Seattle, Washington

Publication Date

June 28, 1998

Start Date

June 28, 1998

End Date

July 1, 1998



Page Count


Page Numbers

3.316.1 - 3.316.5



Session 1438

Impact of Product Data Management (PDM) trends on Engineering Graphics Instruction

Eric N. Wiebe North Carolina State University

Abstract The use of 3-D Computer-aided Design (CAD) systems in engineering design and manufacturing has popularized the concept of the virtual product database. Product Data Management (PDM) and similar computer-based information management tools have increasingly been implemented to help manage this product database. Just as 3-D modeling is becoming an important component of the engineering graphics curriculum, PDM concepts should also be addressed. This paper outlines how 3-D modeling and related graphics activities in the classroom need to be reconceptualized. Specific concepts and exercises for use in graphics courses to help introduce students to PDM are outlined.

Introduction Engineering graphics, being a curriculum closely tied to technology, has been considerably influenced by the rapid changes in computer graphics software. Though the principles based in geometry have not changed, the vehicle used for teaching these principles and the context in which they are placed. In order to assure that future engineers and technologists possess the abilities to apply these principles in the workplace and their future studies, it is important that the curriculum in engineering graphics represents both the tools and practices which are being used in industry and research. This paper outlines the current revolution in manufacturing and design information management and how the engineering graphics curriculum might respond to it.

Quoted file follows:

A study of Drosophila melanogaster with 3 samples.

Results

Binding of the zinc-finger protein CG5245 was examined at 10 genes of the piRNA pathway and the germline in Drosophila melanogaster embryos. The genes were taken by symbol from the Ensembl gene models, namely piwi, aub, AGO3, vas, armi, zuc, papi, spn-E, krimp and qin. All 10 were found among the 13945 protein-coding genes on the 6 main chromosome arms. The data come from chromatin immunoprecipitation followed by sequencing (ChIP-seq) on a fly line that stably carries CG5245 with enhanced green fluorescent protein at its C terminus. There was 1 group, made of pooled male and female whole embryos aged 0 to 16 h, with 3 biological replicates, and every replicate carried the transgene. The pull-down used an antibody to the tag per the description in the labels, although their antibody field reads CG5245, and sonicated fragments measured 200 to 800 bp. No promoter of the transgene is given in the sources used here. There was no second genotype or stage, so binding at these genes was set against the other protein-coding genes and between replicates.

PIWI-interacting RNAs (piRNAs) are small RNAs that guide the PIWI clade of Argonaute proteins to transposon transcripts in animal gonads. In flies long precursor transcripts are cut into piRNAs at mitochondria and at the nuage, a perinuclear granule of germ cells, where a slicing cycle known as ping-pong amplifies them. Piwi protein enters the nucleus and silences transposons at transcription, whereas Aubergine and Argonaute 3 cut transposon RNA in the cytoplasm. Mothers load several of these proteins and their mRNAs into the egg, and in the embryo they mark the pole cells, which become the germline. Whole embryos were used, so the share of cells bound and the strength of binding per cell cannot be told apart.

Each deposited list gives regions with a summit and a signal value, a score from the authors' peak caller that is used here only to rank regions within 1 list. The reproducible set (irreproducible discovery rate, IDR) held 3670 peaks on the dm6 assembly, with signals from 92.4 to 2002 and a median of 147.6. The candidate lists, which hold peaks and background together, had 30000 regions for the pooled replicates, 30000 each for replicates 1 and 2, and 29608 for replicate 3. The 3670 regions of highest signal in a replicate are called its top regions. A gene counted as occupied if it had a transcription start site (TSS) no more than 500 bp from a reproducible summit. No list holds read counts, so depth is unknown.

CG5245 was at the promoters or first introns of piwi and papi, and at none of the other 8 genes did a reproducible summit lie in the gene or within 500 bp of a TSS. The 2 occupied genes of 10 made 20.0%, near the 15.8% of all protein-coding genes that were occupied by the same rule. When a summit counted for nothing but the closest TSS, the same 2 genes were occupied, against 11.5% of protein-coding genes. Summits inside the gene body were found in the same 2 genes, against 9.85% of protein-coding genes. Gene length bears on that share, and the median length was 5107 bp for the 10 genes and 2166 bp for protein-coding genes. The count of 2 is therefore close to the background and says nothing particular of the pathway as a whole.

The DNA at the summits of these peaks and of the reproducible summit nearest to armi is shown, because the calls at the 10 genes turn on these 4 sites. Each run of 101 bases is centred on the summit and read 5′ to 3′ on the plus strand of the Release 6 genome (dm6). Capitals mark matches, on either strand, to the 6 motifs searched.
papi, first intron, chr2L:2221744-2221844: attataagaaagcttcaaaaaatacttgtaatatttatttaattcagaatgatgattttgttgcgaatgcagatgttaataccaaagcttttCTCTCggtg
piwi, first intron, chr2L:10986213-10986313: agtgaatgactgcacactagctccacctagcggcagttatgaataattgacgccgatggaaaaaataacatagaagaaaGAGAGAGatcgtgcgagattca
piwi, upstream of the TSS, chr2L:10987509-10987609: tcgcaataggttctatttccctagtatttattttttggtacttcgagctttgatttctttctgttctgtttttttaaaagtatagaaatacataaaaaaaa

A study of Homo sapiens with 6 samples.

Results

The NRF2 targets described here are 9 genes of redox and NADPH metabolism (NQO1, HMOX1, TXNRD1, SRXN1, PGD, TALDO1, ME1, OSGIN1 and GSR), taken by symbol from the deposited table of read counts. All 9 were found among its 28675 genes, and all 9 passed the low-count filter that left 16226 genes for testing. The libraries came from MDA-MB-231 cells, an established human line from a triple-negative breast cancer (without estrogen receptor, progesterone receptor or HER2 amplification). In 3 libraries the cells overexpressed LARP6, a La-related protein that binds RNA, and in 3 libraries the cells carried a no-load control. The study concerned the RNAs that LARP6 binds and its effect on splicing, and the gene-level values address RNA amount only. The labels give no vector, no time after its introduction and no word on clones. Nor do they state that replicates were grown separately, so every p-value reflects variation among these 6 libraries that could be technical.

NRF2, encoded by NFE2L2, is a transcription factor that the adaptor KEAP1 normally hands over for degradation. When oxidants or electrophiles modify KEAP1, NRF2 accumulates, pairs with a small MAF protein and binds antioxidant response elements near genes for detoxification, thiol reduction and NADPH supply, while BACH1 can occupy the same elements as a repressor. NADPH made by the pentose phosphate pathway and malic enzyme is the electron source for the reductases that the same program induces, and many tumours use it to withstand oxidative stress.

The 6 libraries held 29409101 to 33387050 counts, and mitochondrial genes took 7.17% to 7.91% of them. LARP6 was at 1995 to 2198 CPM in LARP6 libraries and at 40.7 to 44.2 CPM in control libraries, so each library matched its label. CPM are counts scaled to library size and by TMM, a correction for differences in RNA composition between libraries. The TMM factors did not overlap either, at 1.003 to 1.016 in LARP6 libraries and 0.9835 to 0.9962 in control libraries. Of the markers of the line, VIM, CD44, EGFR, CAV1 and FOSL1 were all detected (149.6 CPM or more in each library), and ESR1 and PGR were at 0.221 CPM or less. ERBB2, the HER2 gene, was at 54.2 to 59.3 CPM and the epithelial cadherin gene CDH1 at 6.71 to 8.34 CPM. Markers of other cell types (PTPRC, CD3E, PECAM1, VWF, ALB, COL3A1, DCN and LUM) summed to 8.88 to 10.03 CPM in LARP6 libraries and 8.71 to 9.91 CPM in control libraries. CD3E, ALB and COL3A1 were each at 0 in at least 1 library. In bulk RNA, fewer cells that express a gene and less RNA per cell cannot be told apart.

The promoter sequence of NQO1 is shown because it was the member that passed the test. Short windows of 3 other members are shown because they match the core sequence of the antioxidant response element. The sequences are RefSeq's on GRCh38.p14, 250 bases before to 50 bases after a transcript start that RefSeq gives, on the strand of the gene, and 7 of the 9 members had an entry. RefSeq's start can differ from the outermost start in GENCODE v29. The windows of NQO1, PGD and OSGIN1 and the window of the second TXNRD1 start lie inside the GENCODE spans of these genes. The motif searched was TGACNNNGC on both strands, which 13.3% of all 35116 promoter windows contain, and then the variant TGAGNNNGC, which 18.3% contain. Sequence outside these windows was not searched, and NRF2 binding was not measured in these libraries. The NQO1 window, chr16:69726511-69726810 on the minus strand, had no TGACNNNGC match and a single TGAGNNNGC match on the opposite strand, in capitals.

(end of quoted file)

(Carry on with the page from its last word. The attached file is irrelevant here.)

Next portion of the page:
Engineering graphics technology is currently undergoing changes much more profound than the movement to 2-dimensional (2-D) CAD in the 1980’s. Though there has been some utilization of 3-dimensional (3-D) modeling software since the early 1990’s 1, 2, the technology was still being used primarily as a vehicle for the static documentation of individual parts. For example, review of the original syllabus of North Carolina State’s solid modeling course (circa 1989) shows that one third the semester was spent working with 2D projections derived from 3-D models 3. Only in later iterations of the course was more emphasis put on other uses for the geometric model. The software being employed in these types of courses were largely constructive-solid geometry (CSG) or boundary representation (B-rep) modelers capable of creating static models from geometric primitives and/or profile sweeps.

The rise of parametric/variational (constraint)-based modelers such as Pro/ENGINEER™, SolidWorks™, I-DEAS™, and Mechanical Desktop™ has caused a shift in thinking towards the potential of the geometric model as a dynamic database 4, 5. In these modelers, the desire to

Wiebe, E. N. (1998, June), Impact Of Product Data Management (Pdm) Trends On Engineering Graphics Instruction Paper presented at 1998 Annual Conference, Seattle, Washington.